BEIJING (AP) — Taiwan has suspended flights, rail and ferry services, classes, outdoor events and officials have urged workers to stay home as the island prepared for the arrival of Typhoon Haikui later Sunday.

The storm’s approach came as Typhoon Saola continued to weaken as it passed along the Chinese coast, where 900,000 people and 80,000 fishing vessels had been brought to safety and most of Hong Kong and parts of the mainland coastal businesses, transport and schools locks.

However, damage appeared minimal and restrictions were largely lifted by Sunday.

Parts of Taiwan were already feeling the effects of the heavy rain and strong winds in Haikui, and dozens of domestic flights were canceled, as well as air services to Hong Kong and Macao. According to the island’s Meteorological Bureau, the storm had maximum sustained winds of 85 mph, with gusts of up to 110 mph.

The canceled events included a hot air balloon festival in the central Taichung region, several outdoor concerts, art events and a baseball festival. National parks and treacherous roads in the island’s mountainous center were also closed.


Because of Saoloa, workers in a number of Chinese cities stayed home and students saw the start of their school year postponed from Friday to Monday. Trading in Hong Kong’s stock market was suspended on Friday and hundreds of people were stranded at the airport after about 460 flights were canceled in the main regional business and travel hub.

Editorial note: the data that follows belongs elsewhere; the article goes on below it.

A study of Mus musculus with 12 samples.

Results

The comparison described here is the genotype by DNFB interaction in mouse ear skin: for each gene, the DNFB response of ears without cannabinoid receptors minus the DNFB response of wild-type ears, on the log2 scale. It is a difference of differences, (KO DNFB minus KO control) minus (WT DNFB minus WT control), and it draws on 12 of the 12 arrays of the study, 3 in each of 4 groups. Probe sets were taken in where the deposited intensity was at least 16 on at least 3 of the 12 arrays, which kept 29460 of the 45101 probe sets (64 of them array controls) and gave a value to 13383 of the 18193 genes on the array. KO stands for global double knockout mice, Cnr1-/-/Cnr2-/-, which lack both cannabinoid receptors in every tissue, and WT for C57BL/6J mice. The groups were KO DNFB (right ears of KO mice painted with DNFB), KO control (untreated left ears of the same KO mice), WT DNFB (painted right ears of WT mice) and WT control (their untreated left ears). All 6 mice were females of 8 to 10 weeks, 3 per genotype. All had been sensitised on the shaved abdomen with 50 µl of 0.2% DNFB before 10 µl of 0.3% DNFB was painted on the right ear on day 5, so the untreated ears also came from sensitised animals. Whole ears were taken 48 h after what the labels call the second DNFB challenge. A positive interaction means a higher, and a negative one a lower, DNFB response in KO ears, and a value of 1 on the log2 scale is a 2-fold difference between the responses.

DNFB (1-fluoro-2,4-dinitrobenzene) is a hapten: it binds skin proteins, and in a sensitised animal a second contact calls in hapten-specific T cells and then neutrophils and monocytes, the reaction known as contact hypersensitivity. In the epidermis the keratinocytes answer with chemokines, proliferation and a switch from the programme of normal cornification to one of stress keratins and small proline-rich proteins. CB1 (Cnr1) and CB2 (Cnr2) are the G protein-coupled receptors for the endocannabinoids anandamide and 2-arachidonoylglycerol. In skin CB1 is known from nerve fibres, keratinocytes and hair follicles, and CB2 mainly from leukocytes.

The cross-border bridge connecting Hong Kong, Macau’s gambling center and Zhuhai’s manufacturing center was closed at one point, with Macau chief Ho Iat Seng ordering a halt to casino operations.

As the storm engulfed the densely populated financial center, the Hong Kong Observatory issued Hurricane Warning No. 10 for the first time since 2018, the highest warning under the city’s weather system.

By Saturday night, however, the observatory had withdrawn all warnings and the hundreds who had taken refuge in prepared facilities returned home.


The Hong Kong government said various departments have received reports of a total of 1,206 trees uprooted and flooding has been reported in 18 areas. It said 75 people visited hospitals with storm-related injuries.

Despite the twin storms, the Chinese military continued to conduct operations designed to intimidate Taiwan, a self-governed democracy that Beijing is seeking to bring under Chinese sovereignty by force if necessary.

Taiwan’s defense ministry said it was monitoring the movements of Chinese military aircraft and naval vessels near the island. However, it said there was no evidence that anyone had crossed the centerline in the Taiwan Strait or entered Taiwan’s air defense identification zone, as often happens.